Belt and Road project starts in Malaysia

Reuters
China and Malaysia broke ground on a US$13 billion rail project yesterday that will link peninsular Malaysia’s east and west, a major part of the Belt and Road infrastructure push.
Reuters

China and Malaysia broke ground on a US$13 billion rail project yesterday that will link peninsular Malaysia’s east and west, a major part of the Belt and Road infrastructure push.

The 688-kilometer East Coast Rail Link will connect the South China Sea at the Thai border in the east with the strategic shipping routes of the Straits of Malacca in the west.

It is among the most prominent projects in the Belt and Road initiative, which aims to build a modern-day “Silk Road” connecting the world’s second-largest economy by land corridors to Southeast Asia, Pakistan and Central Asia, and maritime routes opening up trade with the Middle East and Europe.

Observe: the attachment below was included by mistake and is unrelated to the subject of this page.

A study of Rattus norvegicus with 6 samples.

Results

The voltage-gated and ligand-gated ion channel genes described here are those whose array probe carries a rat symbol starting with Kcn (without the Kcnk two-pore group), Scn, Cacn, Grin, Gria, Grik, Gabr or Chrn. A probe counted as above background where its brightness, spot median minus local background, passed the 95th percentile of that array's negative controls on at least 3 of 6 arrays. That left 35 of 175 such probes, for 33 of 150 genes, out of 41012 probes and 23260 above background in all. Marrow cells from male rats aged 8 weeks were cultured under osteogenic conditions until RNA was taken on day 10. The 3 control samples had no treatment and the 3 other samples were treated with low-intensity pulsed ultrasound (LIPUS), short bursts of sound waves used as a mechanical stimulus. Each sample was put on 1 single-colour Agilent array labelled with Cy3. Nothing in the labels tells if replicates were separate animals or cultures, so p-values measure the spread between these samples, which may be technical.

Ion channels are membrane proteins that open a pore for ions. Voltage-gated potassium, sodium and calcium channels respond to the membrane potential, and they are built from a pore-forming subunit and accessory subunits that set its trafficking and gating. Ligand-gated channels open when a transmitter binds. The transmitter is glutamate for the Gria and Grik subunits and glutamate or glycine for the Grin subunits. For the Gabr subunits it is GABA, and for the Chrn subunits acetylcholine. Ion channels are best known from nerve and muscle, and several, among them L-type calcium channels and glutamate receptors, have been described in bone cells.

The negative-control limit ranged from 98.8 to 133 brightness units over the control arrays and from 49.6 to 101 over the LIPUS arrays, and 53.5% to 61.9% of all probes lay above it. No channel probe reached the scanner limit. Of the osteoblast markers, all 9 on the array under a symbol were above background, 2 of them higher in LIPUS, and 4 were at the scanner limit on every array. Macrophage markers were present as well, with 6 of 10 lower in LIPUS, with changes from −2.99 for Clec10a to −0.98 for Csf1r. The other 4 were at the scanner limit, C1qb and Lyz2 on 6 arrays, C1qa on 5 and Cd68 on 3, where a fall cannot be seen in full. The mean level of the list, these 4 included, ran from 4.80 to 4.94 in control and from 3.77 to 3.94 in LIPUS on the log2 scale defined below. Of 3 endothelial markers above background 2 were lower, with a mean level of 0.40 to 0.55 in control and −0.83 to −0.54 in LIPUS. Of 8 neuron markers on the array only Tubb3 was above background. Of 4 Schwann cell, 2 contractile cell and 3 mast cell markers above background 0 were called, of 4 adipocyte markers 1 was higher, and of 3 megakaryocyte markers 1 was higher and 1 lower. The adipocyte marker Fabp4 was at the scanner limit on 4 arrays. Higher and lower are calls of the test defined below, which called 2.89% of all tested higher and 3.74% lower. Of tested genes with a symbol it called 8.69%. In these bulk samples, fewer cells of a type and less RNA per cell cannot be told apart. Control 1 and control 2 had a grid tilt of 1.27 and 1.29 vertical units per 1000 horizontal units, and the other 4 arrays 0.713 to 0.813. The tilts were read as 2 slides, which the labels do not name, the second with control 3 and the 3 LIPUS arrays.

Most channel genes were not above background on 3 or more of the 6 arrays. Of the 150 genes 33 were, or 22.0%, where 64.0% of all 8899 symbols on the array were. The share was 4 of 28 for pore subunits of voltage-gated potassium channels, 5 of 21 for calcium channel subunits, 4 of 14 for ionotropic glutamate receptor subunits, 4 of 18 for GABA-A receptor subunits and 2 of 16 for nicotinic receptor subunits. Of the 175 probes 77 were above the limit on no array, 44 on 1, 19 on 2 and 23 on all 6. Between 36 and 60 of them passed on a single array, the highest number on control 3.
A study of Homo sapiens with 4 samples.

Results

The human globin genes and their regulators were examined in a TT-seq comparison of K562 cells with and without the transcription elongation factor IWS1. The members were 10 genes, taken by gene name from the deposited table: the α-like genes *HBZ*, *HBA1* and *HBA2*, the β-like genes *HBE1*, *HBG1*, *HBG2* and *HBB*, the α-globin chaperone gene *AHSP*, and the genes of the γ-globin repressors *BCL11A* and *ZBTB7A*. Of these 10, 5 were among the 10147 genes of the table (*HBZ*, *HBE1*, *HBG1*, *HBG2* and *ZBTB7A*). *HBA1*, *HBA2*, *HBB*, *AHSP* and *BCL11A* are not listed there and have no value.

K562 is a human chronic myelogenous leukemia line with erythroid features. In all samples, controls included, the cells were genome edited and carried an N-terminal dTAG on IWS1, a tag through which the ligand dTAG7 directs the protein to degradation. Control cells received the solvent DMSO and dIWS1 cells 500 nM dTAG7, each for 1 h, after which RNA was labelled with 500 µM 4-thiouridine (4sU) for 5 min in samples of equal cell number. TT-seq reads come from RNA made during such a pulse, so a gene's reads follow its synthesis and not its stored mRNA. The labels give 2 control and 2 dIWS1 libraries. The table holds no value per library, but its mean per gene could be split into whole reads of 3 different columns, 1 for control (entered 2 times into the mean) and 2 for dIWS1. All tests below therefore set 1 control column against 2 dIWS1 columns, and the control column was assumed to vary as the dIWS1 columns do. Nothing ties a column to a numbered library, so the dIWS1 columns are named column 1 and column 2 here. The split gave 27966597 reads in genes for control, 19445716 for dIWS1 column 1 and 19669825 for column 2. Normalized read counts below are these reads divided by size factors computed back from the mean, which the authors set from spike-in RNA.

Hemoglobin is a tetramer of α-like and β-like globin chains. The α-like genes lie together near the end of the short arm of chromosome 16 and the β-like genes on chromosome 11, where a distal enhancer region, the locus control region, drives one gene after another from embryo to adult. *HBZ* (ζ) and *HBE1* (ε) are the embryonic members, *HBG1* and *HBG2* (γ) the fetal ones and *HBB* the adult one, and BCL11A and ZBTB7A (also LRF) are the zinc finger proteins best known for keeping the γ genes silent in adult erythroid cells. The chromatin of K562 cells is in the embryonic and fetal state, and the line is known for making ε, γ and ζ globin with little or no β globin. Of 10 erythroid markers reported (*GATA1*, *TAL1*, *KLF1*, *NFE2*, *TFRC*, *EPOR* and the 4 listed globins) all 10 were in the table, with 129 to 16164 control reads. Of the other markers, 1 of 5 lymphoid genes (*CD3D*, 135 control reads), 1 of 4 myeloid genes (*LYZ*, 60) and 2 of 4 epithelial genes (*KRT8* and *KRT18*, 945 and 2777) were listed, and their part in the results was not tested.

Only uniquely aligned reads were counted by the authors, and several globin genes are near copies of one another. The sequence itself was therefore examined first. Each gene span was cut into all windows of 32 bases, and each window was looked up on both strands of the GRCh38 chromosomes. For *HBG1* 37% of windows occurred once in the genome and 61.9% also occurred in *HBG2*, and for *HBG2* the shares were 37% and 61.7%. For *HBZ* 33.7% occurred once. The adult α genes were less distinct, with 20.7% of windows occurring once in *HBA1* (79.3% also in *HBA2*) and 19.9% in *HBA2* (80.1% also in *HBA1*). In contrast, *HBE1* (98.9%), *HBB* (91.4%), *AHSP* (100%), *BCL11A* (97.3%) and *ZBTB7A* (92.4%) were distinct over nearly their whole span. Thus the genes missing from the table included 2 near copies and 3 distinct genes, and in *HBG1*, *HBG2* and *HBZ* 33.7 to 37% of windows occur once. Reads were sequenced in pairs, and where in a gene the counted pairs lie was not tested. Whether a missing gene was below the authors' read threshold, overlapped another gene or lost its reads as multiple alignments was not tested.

“The ECRL is indeed yet another game changer and a mindset changer for Malaysia as it will significantly cut travel time to and from the east coast of the peninsula,” Malaysian Prime Minister Najib Razak said at the ceremony halfway along the route in Kuantan.

“The Chinese government has attached great importance to China-Malaysia relations and has always considered Malaysia a dear neighbor and trustworthy partner who is committed to seeking mutually beneficial cooperation and common development in the country,” Chinese State Councilor Wang Yong said at the ceremony, heading up a 100-strong delegation in Kuantan.

Najib said the project would be financed with an 85 percent loan from China Exim Bank and the balance through an Islamic bond program managed by local investment banks.

The project is being built by China Communications Construction Co.

Najib has announced a number of infrastructure projects in the past few months, many funded by China, as he builds momentum for a general election he has to call by mid-2018.

A Nomura research report last month said foreign direct investment inflows from China into Malaysia surged by 119 percent in 2016 and continued to grow at 64 percent year on year in the first quarter of this year.

Last month, Thailand’s Cabinet approved construction of the first phase of a US$5.5 billion railway project to link the industrial eastern seaboard with south China through landlocked Laos.